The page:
On cue the tropical Atlantic is getting active. There isn't much left of Fiona and Gaston is way out in the eastern Atlantic. The one system the United States needs to keep a close watch on is just east of the Lesser Antilles. A strong tropical wave continues to move west-northwest across the Atlantic Ocean Tuesday.
The effective merger of Donald Trump's campaign for president and the obstreperous, resilient media outlet Breitbart makes more sense than anything else that has happened so far this crazy year. Trump's campaign has always been, to a degree greater even than the usual model campaign, almost entirely a media product: Trump on TV, Trump at rallies, Trump yelling on Twitter.
In the early hours of Tuesday, July 27, 2004, I made my way out of the secure perimeter of the Democratic National Convention in Boston and toward the 7-Eleven just outside the fence, the last place to buy a liter of Coke for a long writing night.
If you want to understand what Peter Thiel was doing in Cleveland, you won't get much from reading his brief and quickly delivered convention speech, which was focused in surprisingly large part on the sort of thing political hacks expect technologists to talk about: the sad state of federal government IT.
Right before Britain voted to leave the European Union, this chart went viral: In short, the old voted to leave. And it looks like the old voted a lot more than the young. The young - with far longer to reckon with the change - are stuck with the result.
The toughest guy in Park City this weekend was Anthony Scaramucci, a top Donald Trump fundraiser and his emissary to the anti-Trump resistance. The compact hedge fund manager, well-cut blue suit, open collar, and the light-on-his-feet prowl of a boxer, had just emerged from a panel discussion at Mitt Romney's annual conference here.
With Donald Trump on the brink of receiving classified security briefings from the Central Intelligence Agency, U.S. foreign policy figures of both parties are raising concerns about a close Trump aide's ties to allies of Russian President Vladimir Putin.
One of the great stories of 2016 is how Donald Trump hacked the media: how he learned from the New York tabloids and The Apprentice; how he dictated terms to the weakened television networks; how he used Twitter and won Facebook.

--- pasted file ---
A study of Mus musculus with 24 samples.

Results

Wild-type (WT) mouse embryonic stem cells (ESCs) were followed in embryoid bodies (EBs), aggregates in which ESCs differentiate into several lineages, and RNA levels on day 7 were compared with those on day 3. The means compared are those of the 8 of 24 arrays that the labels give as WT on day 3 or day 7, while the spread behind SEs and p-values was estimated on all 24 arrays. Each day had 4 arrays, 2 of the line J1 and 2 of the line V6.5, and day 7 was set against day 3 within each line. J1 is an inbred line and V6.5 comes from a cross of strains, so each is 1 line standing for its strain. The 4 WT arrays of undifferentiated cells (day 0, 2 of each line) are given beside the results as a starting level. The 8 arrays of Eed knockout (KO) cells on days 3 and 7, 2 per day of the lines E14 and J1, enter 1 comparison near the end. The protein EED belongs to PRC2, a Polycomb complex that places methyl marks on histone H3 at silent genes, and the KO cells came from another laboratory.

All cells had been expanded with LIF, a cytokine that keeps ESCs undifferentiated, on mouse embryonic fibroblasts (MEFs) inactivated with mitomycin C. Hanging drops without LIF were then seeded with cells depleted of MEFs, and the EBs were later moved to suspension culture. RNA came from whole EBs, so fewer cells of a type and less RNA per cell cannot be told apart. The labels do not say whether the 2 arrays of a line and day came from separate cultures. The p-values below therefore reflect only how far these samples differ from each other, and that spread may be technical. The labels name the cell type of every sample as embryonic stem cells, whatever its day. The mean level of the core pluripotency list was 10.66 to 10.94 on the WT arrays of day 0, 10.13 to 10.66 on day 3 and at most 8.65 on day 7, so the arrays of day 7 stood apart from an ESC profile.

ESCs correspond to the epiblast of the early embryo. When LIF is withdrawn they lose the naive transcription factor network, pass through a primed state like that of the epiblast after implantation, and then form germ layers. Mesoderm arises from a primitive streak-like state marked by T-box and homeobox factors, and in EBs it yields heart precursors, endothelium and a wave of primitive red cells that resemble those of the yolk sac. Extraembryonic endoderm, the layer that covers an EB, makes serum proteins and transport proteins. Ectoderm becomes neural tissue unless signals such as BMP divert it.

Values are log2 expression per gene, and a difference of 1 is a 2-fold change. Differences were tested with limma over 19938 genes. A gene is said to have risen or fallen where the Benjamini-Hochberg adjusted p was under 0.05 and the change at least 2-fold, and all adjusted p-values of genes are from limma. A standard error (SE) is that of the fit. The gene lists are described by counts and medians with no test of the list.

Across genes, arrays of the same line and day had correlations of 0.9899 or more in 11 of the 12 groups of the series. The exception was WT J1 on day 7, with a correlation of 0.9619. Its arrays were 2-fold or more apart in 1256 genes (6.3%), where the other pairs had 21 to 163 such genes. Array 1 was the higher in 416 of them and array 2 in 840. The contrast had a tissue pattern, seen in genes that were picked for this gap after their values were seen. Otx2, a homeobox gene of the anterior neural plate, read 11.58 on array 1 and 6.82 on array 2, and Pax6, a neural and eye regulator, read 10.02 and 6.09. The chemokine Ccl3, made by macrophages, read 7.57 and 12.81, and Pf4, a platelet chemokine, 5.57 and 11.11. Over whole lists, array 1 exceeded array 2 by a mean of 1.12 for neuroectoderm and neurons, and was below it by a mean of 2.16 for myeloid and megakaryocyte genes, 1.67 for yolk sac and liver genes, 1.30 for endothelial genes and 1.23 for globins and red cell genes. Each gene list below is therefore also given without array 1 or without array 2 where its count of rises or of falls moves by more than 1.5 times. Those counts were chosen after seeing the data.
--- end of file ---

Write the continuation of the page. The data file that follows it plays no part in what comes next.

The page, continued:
One of the great stories of 2016 is how Donald Trump hacked the media: how he learned from the New York tabloids and The Apprentice; how he dictated terms to the weakened television networks; how he used Twitter and won Facebook. Those are complex questions that we will argue about for decades.
Muck Rack makes it simple to find people, tweets, or articles that mention any name, keyword, company, hashtag etc. We've compiled this guide to help you make the most of your search.
Selecting a term
Start searching tweets, articles from media outlets, articles mentioned in tweets, journalists'
names, titles and bios with some suggested searches:
Companies or Topics (e.g. iPhone, Microsoft)
Phrases (e.g. "cloud computing") — use quotes to keep the terms together
Twitter handles (e.g. @username) — returns those who have mentioned or replied to
Names (e.g. David Pogue)
Hashtags (e.g. #sxsw, #london2012)
Bio details (e.g. vegan, Olympics, father)
Muck Rack's Advanced Search allows for many boolean operators.
Find results that mention multiple specified terms, use AND or
+. For example, ensure each result contains both politicians Barack Obama and Mitt Romney by
searching Obama AND Romney or Obama +Romney.
Use the operators OR or , to broaden your search when you'd like either of
multiple terms to appear in results. (This is the default behavior of our search when no operators
are used.) For example, search for democrat OR republican to find results that refer to
Democrats and/or Republicans.
Use NOT or - to subtract results from your search. For
example, searching Disney will yield results about the Walt Disney Company as well as Walt Disney
World Resort. To exclude mentions of Disney World, search for Disney -World or Disney
When using one of these operators with a phrase, enclose it in quotation marks. For example, you can
find results about smartphones excluding Apple's iPhone 4S by searching smartphone -"iPhone
Use parentheses to separate multiple
boolean phrases. For example, to find journalists talking about having fun in Disney World or
Disneyland, search for ("disney world" OR disneyland) AND fun.